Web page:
THERE'S a notice pinned on our workroom door displaying a circle with the inscription "In case of stress, bang head here". It's an amenity I've yet to avail myself of. What I do need, however, is some sort of analgesic for acronym fatigue syndrome, or AFS to you and me.
Over and above my normal teaching load, I've been doing work for SQA, TAFLIN, TQFE and DITL. What's happened to me? I used to talk in sentences but now I join esoteric groups where conversation sounds like it's being read from the script of a jumble of Scrabble tiles. I have to stop, I know, but for now, just one more, EQ.
Emotional Quotient, as distinct from Intelligence Quotient, is recognised as an extremely strong indicator of future success. Much of the hard work on EQ has been done in America, but its precepts are well rehearsed here in business and in education. In business, it seems it's no longer enough just to be the boss, however well you lead.
We are talking team player now, and that is what's important. Nick in Survivor and Penny from Big Brother had some vital skills to offer as leaders but were probably expelled from their tribes because they were simply too bossy.
Nowadays a team player means someone with well-developed emotional intelligence who will take time to understand how the group functions best and be prepared to lead from within. In FE we have seen these changes in business ideology mirrored in a flatter management structure. More importantly, perhaps, it has changed the relationship between the lecturer and those we teach. The labels we have used over the past few years - student, customer, client, learner - reveal our attempt to negotiate these changes.
The lecturer is not, if he or she ever was, the authority, the fount of all knowledge, the boss, but instead a facilitator, an enabler, part of the team, and responsibilit for learning is undertaken by the learner. It sounds fine, but it's a big responsibility. How do we ensure that learners can cope? It's not enough for only lecturers to possess highly-developed emotional intelligence.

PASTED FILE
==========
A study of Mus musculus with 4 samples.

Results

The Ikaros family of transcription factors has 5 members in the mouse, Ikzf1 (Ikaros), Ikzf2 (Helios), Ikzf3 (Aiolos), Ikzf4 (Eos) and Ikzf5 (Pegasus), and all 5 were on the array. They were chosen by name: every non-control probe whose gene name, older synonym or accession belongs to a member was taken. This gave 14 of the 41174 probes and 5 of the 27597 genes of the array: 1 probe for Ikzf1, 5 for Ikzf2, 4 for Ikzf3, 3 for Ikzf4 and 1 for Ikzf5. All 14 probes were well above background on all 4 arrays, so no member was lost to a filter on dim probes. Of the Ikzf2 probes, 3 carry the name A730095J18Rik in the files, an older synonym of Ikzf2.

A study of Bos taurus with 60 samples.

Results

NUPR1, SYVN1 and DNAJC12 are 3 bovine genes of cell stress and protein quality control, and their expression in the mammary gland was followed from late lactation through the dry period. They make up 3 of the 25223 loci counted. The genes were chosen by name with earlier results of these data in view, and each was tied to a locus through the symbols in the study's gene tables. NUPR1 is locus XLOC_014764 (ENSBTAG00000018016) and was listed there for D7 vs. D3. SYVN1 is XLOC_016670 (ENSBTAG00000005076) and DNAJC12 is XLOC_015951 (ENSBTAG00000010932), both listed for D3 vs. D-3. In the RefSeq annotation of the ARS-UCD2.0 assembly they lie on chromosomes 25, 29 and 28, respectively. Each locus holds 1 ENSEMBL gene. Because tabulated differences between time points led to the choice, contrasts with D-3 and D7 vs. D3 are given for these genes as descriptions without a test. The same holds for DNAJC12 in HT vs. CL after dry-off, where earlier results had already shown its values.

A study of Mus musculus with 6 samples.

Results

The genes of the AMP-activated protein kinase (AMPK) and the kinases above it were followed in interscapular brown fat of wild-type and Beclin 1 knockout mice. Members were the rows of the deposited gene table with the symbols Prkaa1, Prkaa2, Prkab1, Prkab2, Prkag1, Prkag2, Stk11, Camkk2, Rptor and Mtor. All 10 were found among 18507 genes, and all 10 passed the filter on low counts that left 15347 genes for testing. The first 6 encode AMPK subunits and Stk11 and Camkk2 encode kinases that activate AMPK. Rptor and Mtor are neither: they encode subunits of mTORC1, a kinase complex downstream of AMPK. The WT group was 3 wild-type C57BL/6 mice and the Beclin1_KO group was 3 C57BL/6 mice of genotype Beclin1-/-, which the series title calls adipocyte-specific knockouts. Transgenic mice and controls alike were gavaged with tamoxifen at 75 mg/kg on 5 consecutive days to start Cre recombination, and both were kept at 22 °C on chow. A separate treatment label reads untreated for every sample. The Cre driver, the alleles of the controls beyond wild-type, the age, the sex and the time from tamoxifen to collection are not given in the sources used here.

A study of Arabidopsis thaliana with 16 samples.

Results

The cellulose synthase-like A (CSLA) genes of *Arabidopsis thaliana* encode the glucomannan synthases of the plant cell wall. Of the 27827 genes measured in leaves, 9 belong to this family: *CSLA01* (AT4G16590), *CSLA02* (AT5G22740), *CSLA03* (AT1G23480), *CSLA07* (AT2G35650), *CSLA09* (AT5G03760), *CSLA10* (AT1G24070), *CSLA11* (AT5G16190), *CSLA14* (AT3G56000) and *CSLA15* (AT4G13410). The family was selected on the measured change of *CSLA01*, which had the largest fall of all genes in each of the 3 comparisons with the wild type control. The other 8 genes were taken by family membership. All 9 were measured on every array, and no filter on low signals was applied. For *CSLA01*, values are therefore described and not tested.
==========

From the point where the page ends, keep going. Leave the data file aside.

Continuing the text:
While we don't use the trendy term EQ in college, many full-time students do engage in modules that develop emotional intelligence but too often these are subsumed within or integrated with other modules, which obscures their importance. Yes, students in our college have a right to expect pastoral care, to know that there are student services and counsellors available to them, but surely it is logical to extend their responsibility for learning to include responsibility for emotional intelligence and to highlight the work they do which helps them develop such qualities?
Last year, one of the groups I taught had to list three challenges they would monitor and evaluate. One of the challenges was to be personal. Most were predictable - picking up a spider, mastering the computer, or painting the bedroom ceiling. Mike, though, came up with a big one: "To love myself". Breaking that down, working out goals that he could measure, was illuminating both for him and for me. What he was doing was recognising the importance of emotional intelligence and treating it as potential he could develop.
In FE we have always been in the business of developing potential - and that has always included EQ, however low-key its profile. There is an anonymous poem that all lecturers should memorise:
But of the best leaders
When their task is accomplished
Their work is done
The people all remark
"We have done it ourselves".
Now there's something potential headbangers can pin up on the inside of our workroom door.
Dr Carol Gow is a lecturer in media at Dundee College.